3.4.22
SELECTION FOR INCREASED TOLERANCE TO SCLEROTINIA STEM ROT IN THE CRUCIFERERUCASTRUM GALLICUM

C LEFOL, G SEGUIN-SWARTZ

AAFC Research Centre, 107 Science Pl., Saskatoon, SK S7N 0X2, Canada

Background and objectives
Stem rot, caused by Sclerotinia sclerotiorum (Lib.) de Bary, is prevalent in canola crops in western Canada. No cultivars resistant to the disease are yet available to producers. Tolerance to sclerotinia stem rot was identified recently in the wild crucifer Erucastrum gallicum (dog mustard) [1]. Stem rot infection in crucifers relies on the growth of the fungus on senescent floral parts that have fallen on leaves and in leaf axils. Lefol etal. [1] observed that in some dog mustard plants, petal colonization by the fungus was limited and leaf lesion development was reduced. Plants exhibiting the petal tolerance trait were selected by inbreeding and recurrent selection for stem rot tolerance.

Materials and methods
Plants of a dog mustard population collected in Saskatchewan were raised in the greenhouse. Leaves of eight week-old plants were inoculated with petals infested with ascospores of S. sclerotiorum clone 321 [2]. Self-progeny of surviving plants LA1 (LA1.1 to LA1.10) and LA6 (LA6.1 to LA6.49) were raised under controlled environment conditions (16 h photoperiod, 18C). Self-progeny was also produced on plants LA1.1, LA1.5, LA1.7, and LA1.10. To test the stem rot reaction of the plants, seven day-old petals were harvested from the LA1 and the LA6 self-progeny plants, and from 20 progeny plants each of LA1.1, LA1.5, LA1.7, and LA1.10. Flowers at anthesis were enclosed individually in glassine bags and petals were harvested after a predetermined time. In addition, one day-old petals were collected from the LA6 self-progeny plants and air-dried at room temperature for 7 and 10 days (artificially aged petals). Petals were placed on excised leaves and inoculated with a 10 l drop of ascospores (5000 spores/ml). The leaves were then incubated at room temperature in a humidity chamber (100% RH). Lesion area was measured four days post-inoculation.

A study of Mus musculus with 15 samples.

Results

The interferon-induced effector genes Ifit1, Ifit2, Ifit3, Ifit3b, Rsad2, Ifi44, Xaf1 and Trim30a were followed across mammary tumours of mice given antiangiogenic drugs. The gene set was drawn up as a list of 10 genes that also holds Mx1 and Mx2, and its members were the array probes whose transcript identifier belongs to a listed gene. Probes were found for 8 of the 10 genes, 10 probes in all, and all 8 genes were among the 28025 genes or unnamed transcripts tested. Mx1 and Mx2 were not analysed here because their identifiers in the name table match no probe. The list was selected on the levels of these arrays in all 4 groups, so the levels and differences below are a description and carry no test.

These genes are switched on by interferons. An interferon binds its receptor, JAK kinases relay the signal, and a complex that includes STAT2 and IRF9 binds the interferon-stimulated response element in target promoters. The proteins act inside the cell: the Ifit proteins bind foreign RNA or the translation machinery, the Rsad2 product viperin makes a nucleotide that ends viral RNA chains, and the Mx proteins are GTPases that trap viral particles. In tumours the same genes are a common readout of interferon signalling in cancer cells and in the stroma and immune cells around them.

Results and conclusions
Mean lesion area was 1.02 cm2 (s.d.=0.40) for plants LA1.1 to LA1.10 and 0.58 cm2 (s.d.=0.21) for plants LA6.1 to LA6.49. The reaction of two stem rot tolerant plants (LA1.5 and LA1.10) and two susceptible plants (LA1.1 and LA1.7) was investigated further. Mean lesion area was 0.28 cm2 (s.d.=0.22) for LA1.5.1 to LA1.5.20 and 1.41 cm2 (s.d.=0.80) for LA1.10.1 to LA1.10.27. For the self progenies of stem rot susceptible plants, mean lesion area was 1.49 cm2 (s.d.=1.20) for LA1.1.1 to LA1.1.21 and 1.45 cm2 (s.d.=0.90) for LA1.7.1 to LA1.7.21. Both stem rot tolerant and susceptible plants were recovered in the self-progeny of stem rot tolerant plants, but only stem rot susceptible plants were recovered in the self-progeny of susceptible plants. Further generations of inbreeding will be required to derive homozygous stem rot tolerant lines.

The effect of petal age on leaf lesion development was studied in self-progeny of plant LA6 (LA6.1 to LA6.49). Mean lesion area was significantly lower with one day-old petals (0.03 cm2, s.d.=0.01) than with seven day-old petals (0.58 cm2, s.d.=0.21). Mean lesion area obtained with seven day-old artificially aged petals (0.78 cm2, s.d.=1.13) and 10 day-old artificially aged petals (0.50 cm2, s.d.=0.46) was not significantly different from that obtained with naturally aged petals, indicating that artificially aged petals could be used in the stem rot tolerance assays.

References
1. Lefol C, Seguin-Swartz G, Morrall RAA, 1997. Canadian Journal of Plant Pathology 19, 113.
2. Kohli Y, Brunner LJ, Yoell H, Milgroom MG, Anderson JB, Morrall RAA, Kohn LM, 1995. Molecular Ecology 4, 69-77.